We live in societies of over consumption and consume to offset the consequences of over consumption.
Don’t believe me? How much did you eat today? Did you go to the gym to work out these extra calories? Did you drive to the gym? Told you so!
This reminded me of my favourite minimalist: Jack Reacher, created by Lee Child. Reacher buys new clothes to change; carries his toothbrush and credit card in his pockets and lives in cheap motels
I want to be like Reacher; but now I am off to the gym to work out my rather generous breakfast.
We hear a lot about strategy, lately. Everyone I know seems to be ‘strategising’, the organisation I work for has a strategy and most company websites greet you with a strategy. Getting to the core of it, these strategies amount to little more than wish-lists and/or road-maps. These are about what people and organisations want to do and how to measure whether they are getting there.
Strategies worth developing are not simply about what we want to do; they are about what others are doing and our positioning in this. Once we have done that we need a good plan.
Performing at job interviews is what does it. I conducted many interviews and noticed that people make two simple mistakes.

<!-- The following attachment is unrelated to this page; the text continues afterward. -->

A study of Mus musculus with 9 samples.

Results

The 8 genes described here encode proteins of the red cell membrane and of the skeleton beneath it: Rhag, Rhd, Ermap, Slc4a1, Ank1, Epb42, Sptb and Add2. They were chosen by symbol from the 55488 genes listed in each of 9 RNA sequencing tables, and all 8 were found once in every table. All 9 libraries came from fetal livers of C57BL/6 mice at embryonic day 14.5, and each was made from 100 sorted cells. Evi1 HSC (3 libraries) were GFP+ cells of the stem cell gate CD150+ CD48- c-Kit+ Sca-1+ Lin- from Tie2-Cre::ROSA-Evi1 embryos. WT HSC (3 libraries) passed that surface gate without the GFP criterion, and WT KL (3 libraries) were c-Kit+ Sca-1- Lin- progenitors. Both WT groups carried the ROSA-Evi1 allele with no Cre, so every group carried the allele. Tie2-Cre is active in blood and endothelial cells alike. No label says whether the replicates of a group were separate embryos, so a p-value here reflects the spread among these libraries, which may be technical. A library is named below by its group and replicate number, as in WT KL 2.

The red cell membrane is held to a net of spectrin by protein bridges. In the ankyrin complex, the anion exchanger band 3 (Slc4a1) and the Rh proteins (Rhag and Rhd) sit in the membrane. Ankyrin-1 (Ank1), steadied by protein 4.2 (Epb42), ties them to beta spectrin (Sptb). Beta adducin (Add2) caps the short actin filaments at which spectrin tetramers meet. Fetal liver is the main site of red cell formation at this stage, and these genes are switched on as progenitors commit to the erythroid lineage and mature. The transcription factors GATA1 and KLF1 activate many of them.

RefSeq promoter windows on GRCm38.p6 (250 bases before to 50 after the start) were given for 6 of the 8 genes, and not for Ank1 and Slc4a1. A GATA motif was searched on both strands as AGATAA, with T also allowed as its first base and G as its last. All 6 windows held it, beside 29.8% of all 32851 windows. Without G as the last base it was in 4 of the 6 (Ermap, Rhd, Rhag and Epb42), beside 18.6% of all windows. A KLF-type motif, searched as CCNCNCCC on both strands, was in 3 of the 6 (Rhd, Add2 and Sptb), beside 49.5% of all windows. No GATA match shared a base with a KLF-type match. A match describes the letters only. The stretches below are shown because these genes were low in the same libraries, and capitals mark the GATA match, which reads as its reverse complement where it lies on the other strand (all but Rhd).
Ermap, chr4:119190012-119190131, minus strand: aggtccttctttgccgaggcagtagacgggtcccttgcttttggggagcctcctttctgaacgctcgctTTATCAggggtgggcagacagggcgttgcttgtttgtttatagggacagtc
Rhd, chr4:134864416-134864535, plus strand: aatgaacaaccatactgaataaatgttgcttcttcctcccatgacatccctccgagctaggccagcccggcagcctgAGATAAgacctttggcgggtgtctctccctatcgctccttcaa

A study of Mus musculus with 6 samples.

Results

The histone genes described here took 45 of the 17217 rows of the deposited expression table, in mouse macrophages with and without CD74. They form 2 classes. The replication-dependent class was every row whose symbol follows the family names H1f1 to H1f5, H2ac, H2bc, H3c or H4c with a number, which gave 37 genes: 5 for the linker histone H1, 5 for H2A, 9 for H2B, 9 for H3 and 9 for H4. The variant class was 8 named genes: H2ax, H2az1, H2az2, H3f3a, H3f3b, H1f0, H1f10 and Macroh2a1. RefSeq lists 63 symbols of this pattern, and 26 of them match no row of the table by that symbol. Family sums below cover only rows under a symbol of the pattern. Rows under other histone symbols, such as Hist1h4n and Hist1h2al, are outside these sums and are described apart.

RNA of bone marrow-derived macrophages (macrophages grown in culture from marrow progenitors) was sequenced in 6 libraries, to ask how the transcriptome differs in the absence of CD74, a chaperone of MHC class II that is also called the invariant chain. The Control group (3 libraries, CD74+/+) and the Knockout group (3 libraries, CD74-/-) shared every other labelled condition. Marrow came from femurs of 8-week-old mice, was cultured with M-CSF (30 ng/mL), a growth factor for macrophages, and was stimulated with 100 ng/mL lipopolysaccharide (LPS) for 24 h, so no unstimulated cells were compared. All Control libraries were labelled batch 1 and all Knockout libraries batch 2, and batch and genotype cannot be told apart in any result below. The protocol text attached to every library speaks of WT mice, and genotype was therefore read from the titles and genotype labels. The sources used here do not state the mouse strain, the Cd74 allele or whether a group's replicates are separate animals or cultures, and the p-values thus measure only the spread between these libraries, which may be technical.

First, they impress the interviewers by obviously talking themselves up. Not impressive: employers are not interested in how great you are; they are interested in how well you could do the job.
Second, most people, given the opportunity, ask about pay. What you need to clarify is why you would wish to work for this employer. Being employed is like being married – it is a two way thing. It is also one of the most important relationships in your life.
In our drive to become efficient and achieve more we make lists. We keep these separate: we have a list for our grocery shopping; a list for our long, short and medium term goals; a list for our daily tasks. Some keep lists of the movies they have seen and the books they have read. All neatly filed and systematically updated. Our deepest longing has no place on our lists.
Look at the following:
- A sense of purpose in life
Which is the odd one out?
Skiing is most fun sliding fast from the top of a hill without falling. I am no expert skier but I am very keen. When at the top of a hill my head often screams ‘too high and too steep’.
Most skiers realise that there is no hill that is too high or too steep. Getting down in one piece depends on how the hill is traversed; some hills are harder to traverse than others.
No hill is too high or too steep when you know how to traverse it. Nothing in life is impossible if you chunk it down.
When deciding on action and considering our future we often ask ‘what’ questions. ‘What shall I do?’; ‘What will happen?’; ‘What does the future hold?’ Asking these questions we may forget that, with very few exceptions, we can do anything, anything could happen and the future is a mystery. Asking ‘what’ is not very helpful.
What we should be asking instead is ‘why’. Deciding why we are to act in particular way specifies the action and makes ‘how’ a mere technicality.
Don’t ask ‘what’ but ask yourself ‘why’! Work out your reasons and motivation, and the action will present itself.